By Melissa Scheffler
KWCH 12 Eyewitness News
9:51 PM CST, November 20, 2012
Research Biologist Matt Peek says it was a trail camera that caught the mountain lion in Stafford County.
"It's fairly uncommon. That's the ninth one we've observed in the state since 2007 or that we can confirm in the state since 2007,” Peek said.
The picture was taken October 31. But the deer hunter, who put the camera up near his stand, didn't check his pictures until last week.
"Tenth, fifteenth picture I went through when I came across the mountain lion. Shocked to say the least,” Kurt Keesling, the deer hunter, said.
Peek says it's probably a juvenile male, kicked-out of his "typical territory" by adult toms.
“When those populations in western states are increasing, there's less room for these sub-adult males to stay in the existing population,” Peek said.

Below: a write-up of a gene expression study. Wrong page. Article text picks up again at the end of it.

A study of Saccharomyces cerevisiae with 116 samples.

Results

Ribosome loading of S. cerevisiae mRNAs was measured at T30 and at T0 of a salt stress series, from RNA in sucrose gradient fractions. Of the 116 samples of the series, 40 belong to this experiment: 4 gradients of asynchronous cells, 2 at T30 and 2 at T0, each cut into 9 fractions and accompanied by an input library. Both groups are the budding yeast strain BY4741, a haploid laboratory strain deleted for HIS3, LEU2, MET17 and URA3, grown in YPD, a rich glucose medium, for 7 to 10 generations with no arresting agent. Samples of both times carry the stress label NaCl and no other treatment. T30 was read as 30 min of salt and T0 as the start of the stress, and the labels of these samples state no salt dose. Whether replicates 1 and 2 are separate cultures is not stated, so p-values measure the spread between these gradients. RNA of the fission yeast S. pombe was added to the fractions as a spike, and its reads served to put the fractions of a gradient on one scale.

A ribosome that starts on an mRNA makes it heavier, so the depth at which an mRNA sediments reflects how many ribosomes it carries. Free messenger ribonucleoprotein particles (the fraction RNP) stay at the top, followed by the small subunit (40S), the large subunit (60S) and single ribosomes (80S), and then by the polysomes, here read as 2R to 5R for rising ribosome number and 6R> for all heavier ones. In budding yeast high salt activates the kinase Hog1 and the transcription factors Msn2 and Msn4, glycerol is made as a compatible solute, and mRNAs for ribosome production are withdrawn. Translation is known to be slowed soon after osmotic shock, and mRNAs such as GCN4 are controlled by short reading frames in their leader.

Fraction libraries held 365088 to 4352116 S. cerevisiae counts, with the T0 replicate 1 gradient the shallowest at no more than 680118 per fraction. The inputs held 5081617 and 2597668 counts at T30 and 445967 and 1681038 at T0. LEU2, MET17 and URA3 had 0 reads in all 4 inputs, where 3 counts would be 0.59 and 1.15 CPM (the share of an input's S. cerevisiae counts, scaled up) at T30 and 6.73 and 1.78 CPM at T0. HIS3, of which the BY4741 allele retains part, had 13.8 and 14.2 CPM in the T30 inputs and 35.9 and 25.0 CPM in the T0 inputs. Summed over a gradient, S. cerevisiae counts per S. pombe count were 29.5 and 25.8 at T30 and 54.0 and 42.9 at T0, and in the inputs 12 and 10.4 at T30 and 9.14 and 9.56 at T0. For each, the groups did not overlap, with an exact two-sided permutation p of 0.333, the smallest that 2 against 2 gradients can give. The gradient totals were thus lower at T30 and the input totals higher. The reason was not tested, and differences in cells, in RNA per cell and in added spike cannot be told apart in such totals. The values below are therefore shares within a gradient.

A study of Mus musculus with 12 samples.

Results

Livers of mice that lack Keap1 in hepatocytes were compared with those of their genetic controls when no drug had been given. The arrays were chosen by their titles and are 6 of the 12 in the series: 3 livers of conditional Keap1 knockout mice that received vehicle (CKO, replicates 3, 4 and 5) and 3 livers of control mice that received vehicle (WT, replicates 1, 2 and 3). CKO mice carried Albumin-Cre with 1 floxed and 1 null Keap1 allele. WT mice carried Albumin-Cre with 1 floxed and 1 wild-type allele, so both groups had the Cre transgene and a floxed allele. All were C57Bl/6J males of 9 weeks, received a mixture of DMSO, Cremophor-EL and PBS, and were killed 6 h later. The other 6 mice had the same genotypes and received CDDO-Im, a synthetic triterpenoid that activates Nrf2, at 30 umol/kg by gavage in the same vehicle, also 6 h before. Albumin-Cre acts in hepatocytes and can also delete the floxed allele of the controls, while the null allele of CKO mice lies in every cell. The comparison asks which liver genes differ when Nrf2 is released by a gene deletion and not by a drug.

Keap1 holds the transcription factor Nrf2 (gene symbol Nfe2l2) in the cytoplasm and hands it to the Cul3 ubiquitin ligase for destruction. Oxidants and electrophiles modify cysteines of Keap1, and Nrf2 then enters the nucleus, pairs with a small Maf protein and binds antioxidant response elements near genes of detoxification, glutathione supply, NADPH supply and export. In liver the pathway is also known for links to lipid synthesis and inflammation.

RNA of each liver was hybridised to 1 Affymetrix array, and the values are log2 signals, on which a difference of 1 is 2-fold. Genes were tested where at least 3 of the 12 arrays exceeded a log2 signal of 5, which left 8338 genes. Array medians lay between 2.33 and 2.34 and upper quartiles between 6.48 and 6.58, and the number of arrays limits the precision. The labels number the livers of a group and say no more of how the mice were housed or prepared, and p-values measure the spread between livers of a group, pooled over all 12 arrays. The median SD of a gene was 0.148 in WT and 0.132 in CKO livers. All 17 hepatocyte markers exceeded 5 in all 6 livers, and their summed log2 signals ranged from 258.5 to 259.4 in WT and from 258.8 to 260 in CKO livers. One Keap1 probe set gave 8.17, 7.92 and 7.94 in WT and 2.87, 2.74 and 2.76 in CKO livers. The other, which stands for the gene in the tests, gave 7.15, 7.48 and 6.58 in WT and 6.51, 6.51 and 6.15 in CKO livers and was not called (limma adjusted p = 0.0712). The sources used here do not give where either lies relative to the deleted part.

Mountain lions used to roam the state. Now, Kansans only have occasional sightings. However, people in every state west of Kansas live with the big cats every day.
"It's difficult to say they're making a comeback. They're certainly passing through here more than they used to,” Peek said.
The deer hunter who caught this image isn't concerned about a cougar comeback.
"As long as he doesn't bother us, we're not going to bother him for sure and I think it's kind of neat to have one in the area really,” Keesling said.
Thanks to trail cameras, many hunters will know when one visits.
It is legal to kill a mountain lion if you're protecting your life or property. However, it is illegal to kill a cougar just because you see one.